Billions of stolen usernames and passwords are circulating on the dark web. According to the Verizon 2020 Data Breach Investigations Report, 80% of hacking breaches in 2019 were caused by stolen or brute-forced credentials. But the stolen credentials, used in credential stuffing attacks, are often far more dangerous.
So what is credential stuffing, and how could it affect you? Most importantly, how can you stop it?
What is credential stuffing?
Credential stuffing attacks cram different combinations of the usernames and passwords found in credential dumps into login pages until an account unlocks. They are an increasingly common cyber attack—mostly because users often reuse their usernames and passwords. If a user's login information is stolen from one place, it will probably work somewhere else.
Credential stuffing attacks are thought to be more effective than brute-force attacks because they are not a total guessing game—they leverage existing username and password information. They are also harder to detect, and they are not easily thwarted by routine security protections, such as a cap on failed attempts from a single computer.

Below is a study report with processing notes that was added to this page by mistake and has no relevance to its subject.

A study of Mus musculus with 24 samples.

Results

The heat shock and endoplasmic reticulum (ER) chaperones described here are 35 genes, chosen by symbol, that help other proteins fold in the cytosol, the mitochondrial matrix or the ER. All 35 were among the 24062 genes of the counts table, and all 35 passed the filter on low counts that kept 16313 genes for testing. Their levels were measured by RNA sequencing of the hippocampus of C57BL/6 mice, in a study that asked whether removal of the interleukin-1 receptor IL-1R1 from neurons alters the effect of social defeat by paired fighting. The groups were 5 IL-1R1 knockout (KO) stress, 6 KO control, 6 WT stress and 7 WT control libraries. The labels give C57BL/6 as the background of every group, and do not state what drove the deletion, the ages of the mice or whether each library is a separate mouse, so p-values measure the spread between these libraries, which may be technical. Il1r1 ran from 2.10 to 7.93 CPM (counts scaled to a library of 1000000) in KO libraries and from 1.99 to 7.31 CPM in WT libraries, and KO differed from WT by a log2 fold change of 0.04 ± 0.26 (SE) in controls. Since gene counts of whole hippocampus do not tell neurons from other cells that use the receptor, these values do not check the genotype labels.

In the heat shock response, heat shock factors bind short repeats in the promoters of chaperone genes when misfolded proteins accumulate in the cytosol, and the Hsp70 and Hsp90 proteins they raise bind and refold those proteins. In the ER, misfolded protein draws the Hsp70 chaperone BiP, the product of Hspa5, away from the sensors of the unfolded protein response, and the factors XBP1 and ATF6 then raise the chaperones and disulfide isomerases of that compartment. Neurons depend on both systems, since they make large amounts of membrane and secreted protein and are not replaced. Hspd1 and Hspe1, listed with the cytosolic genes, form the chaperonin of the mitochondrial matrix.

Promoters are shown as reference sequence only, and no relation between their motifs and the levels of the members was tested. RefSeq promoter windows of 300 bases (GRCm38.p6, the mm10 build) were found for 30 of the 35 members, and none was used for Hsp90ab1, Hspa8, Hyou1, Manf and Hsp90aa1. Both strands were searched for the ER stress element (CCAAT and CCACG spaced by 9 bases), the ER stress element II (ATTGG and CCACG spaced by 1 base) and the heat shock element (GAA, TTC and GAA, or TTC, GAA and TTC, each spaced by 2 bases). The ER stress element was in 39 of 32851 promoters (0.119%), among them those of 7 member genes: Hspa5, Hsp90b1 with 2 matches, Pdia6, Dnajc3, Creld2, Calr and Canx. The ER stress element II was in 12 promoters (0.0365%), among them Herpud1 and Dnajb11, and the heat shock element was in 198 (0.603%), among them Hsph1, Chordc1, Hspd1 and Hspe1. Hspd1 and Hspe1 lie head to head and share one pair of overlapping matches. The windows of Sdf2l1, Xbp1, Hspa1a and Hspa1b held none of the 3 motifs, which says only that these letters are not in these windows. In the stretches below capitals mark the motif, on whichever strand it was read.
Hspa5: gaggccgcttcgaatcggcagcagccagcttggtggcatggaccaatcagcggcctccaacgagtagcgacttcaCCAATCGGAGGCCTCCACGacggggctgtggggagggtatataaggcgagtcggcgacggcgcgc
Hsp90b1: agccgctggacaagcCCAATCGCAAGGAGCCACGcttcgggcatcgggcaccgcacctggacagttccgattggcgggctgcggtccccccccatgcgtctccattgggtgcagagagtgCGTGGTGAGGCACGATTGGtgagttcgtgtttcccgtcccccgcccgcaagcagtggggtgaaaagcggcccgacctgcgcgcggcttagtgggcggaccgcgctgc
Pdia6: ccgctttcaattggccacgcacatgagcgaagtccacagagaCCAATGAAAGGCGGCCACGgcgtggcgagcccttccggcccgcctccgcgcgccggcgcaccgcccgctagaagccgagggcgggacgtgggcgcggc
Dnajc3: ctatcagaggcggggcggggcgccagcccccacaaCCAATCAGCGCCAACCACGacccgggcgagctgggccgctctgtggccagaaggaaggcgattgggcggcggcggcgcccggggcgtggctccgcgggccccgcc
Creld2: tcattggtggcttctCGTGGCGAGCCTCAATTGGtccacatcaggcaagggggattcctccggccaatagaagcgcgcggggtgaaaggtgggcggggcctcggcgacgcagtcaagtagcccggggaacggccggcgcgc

There are so many stolen credentials circulating online nowadays that their price is down nearly to zero. Attackers can acquire these lists for cheap and feed the information to bots and have them crack open accounts on target sites. Success rates are low—Shape Security estimates success rates between 0.2% to 2%—but the costs are so modest that the rewards can still provide a significant return on the investment.
Like many cyber security problems, credential stuffing is a constant cat-and-mouse game. When website operators limited the number of login attempts from one IP address, attackers responded by feeding bots spoofed addresses. Secondary authentication methods like CAPTCHA codes were effective, but only for a short time. As seen in the 2021 Data Breach Investigations Report, 23% of the organizations monitored had security events related to credential stuffing or brute force attacks, with 95% of them getting anywhere from 637 to 3.3 billion attempts against them.